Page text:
Let’s face it, 2020 was a terrible year. The Coronavirus has killed almost two million people globally and caused trillions of dollars in economic disruption. Wildfires, floods and hurricanes have ravaged the United States, central America, Australia and parts of Asia.

But trying times have a way of peeling back the curtains and seeing our world with new eyes. COVID messed up our lives, and focused our attention on what really matters.

Maybe that’s why this very bad year has led to some really good conversations and insights here on The Security Ledger on topics ranging from election security, to security supply chains and the security risks of machine learning.

The Security Risks of Machine Learning

To start off, I pulled a March interview from Episode 180 that i did with security luminary Gary McGraw, the noted entrepreneur, author and now co-founder of the Berryville Institute of Machine Learning.

To wrap up 2020, I went back through 35 episodes that aired this year and selected four interviews that stuck out and, in my mind, captured the 2020 zeitgeist, as we delved into issues as diverse as the security implications of machine learning to the cyber threats to election systems and connected vehicles. We’re excerpting those conversations now in a special end of year edition of the podcast. We hope you enjoy it.

Taking Hardware Off Label to Save Lives

As winter turned to spring this year, the COVID virus morphed from something happening “over there” to a force that was upending life here at home. As ICUs in places like New York City rapidly filled, the U.S. faced shortage of respirators for critically ill patients. As they often do: the hacking community rose to the challenge. In our second segment, I pulled an interview from Episode 182 with Trammell Hudson of Lower Layer Labs. In this conversation, Trammell talks to us about Project Airbreak, his work to jailbreak a CPAP machines and how an NSA hacking tool helped make this inexpensive equipment usable as a makeshift respirator.

Report: Hacking Risk for Connected Vehicles Shows Significant Decline

COVID Spotlights Zoom’s Security Woes

One of the big cyber security themes of 2020 was of the security implications of changes forced by the COVID virus. Chief among them: the rapid shift to remote work and the embrace of technologies, such as Zoom that enabled remote work and remote meetings. For our third segment, I returned to Episode 183 and my interview with security researcher Patrick Wardle, a Principle Security Researcher at the firm JAMF. In April, he made headlines for disclosing a zero day vulnerability in the Zoom client – one that could have been used by an attacker to escalate their privileges on a compromised machines. That earned him a conversation with Zoom’s CEO that took place – to Wardle’s dismay – via Zoom.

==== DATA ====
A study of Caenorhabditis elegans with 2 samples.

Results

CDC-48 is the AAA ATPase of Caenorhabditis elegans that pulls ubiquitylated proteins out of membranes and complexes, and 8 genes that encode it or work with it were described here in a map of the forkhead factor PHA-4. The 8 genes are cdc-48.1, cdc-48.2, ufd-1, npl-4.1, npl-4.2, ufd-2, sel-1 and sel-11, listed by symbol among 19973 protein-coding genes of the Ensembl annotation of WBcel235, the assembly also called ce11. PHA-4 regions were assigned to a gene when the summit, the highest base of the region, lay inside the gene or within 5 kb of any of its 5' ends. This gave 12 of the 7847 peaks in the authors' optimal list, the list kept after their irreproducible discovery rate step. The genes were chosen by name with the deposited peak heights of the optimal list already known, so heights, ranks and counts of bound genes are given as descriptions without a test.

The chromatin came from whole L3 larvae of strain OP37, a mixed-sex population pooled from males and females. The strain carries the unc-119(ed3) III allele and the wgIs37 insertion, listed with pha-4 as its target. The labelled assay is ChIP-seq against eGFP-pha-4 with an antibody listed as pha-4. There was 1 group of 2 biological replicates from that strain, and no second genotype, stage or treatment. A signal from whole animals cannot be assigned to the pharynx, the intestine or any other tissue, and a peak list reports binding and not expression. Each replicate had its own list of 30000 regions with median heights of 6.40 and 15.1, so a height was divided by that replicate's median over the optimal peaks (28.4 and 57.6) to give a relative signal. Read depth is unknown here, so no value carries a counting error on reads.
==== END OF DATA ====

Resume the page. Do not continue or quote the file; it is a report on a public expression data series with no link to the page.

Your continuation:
Securing Connected Vehicles

Finally, while COVID and the ripple effects of the pandemic dominated the news in 2020, it isn’t as it was the only news. In the shadows of the pandemic, other critical issues continued to bubble. One of them is the increasing tensions about the power held by large companies and technology firms. In our final segment, I’m returning to my conversation with Assaf Harel of Karamba Security in Episode 193. Harel is one of the world’s top experts in the security of connected vehicles. In this conversation, Assaf and I talk about the state of vehicle cyber security: what the biggest cyber risks are to connected cars. We also go deep on the right to repair -and how industries like automobiles can balance consumer rights with security and privacy concerns.


As always,  you can check our full conversation in our latest Security Ledger podcast at Blubrry. You can also listen to it on iTunes and check us out on SoundCloudStitcherRadio Public and more. Also: if you enjoy this podcast, consider signing up to receive it in your email. Just point your web browser to securityledger.com/subscribe to get notified whenever a new podcast is posted.